With the official release of Bing today, there’s plenty of news about Microsoft’s ‘decision engine’. The biggest development is the unveiling of the first commercial for the site.
The first ad establishes the idea that search engines today overload users with information rather than answering a question. Follow-up spots will reportedly portray how real-life conversations would go if people answered questions the same way as traditional search engines. The campaign will then turn to specific subjects which Bing has particular features for.
On the other side of the advertising picture, the Wall Street Journal reports that if the technology behind Bing does indeed produce more relevant results, it may help Microsoft take a bigger share of online advertising. That makes logical sense: for instance, a used BMW dealership would rather its ads be seen by people in the market for a second-hand vehicle than those searching for information on new models.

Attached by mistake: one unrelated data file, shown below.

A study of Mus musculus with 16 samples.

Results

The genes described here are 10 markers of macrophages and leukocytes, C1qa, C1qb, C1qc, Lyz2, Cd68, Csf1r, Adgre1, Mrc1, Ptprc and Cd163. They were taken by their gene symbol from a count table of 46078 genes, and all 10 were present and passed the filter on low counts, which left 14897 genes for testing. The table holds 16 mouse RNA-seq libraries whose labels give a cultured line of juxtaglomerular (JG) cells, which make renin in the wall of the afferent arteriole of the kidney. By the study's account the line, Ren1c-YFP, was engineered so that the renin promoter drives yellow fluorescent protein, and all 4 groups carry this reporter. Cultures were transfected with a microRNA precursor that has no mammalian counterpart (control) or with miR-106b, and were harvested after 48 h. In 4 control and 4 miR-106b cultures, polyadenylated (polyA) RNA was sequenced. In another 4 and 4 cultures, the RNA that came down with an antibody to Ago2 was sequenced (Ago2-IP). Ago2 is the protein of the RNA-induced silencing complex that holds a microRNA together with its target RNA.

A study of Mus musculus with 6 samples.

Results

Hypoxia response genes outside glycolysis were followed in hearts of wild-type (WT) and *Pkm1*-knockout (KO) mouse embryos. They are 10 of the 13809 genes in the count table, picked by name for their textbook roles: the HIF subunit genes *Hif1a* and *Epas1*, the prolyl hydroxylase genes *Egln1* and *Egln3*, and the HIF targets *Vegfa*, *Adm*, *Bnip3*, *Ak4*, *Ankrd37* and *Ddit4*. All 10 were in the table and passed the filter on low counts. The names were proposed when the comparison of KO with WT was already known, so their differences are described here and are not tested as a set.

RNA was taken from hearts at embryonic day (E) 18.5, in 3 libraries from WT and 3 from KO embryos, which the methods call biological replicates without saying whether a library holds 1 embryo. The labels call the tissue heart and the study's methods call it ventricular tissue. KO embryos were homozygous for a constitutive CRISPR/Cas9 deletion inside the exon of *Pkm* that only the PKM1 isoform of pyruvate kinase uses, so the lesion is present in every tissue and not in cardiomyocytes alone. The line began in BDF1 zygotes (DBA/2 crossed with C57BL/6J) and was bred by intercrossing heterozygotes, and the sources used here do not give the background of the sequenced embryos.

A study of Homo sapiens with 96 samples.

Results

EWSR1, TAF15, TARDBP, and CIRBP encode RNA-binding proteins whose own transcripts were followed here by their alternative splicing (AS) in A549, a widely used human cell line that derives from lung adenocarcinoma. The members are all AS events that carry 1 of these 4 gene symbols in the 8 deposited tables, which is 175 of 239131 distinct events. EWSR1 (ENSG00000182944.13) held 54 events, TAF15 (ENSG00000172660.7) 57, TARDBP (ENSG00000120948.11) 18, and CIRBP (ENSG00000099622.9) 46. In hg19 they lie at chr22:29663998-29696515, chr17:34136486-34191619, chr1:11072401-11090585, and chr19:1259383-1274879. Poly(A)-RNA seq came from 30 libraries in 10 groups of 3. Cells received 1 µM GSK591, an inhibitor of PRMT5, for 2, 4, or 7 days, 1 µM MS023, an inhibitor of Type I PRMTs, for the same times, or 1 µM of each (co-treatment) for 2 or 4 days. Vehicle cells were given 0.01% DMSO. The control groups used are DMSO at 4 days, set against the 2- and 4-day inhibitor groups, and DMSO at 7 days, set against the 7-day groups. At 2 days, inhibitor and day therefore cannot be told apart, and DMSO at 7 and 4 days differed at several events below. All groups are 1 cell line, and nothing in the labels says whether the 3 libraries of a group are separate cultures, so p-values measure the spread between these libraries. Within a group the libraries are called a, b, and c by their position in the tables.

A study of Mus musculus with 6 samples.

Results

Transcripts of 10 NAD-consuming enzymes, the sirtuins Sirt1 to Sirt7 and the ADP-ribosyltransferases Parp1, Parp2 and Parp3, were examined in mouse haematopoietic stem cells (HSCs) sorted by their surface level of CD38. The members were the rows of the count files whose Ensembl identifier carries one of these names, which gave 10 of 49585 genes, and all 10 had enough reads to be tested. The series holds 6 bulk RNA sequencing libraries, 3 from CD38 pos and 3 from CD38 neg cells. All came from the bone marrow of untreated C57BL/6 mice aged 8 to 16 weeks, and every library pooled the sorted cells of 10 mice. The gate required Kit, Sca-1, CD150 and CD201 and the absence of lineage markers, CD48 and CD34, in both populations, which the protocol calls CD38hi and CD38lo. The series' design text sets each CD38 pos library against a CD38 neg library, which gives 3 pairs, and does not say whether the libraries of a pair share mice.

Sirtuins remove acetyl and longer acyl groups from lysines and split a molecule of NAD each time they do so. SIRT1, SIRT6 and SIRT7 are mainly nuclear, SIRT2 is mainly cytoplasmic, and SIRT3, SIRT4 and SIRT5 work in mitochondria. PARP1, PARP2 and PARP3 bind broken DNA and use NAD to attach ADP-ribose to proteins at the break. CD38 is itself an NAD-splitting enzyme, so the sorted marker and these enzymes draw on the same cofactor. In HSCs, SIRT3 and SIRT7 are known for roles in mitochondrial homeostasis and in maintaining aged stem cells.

Turning to the technical side of Bing, eweek notes that the site adopts some of the common security measures of search rivals, most notably blocking direct links from the results page to suspected infected websites. Meanwhile copies of Internet Explorer 6 briefly had their default search setting switched to Bing after what Microsoft calls an unintentional glitch (which seems credible given how outdated and little used that edition of the browser is.)
Finally to follow up on my piece from Monday noting that several of the site’s key features appear to be missing, this turns out to be a regional issue. While the full site is available in the US, in some markets (such as the UK) not all features will be available immediately. To follow my previous example, a search for BMW in the U.K. simply gives the results and a list of ‘similar search terms’. In the US, the same search can be restricted to categories such as Jobs, Used and Dealers.
There’s no clear-cut explanation for this, though it appears the technology used to create customized categories for results has to be tweaked for different countries. In the meantime, users can access any edition of the site by clicking on the country name in the top right of the screen, though of course this will limit the relevance of results for searches where location is important.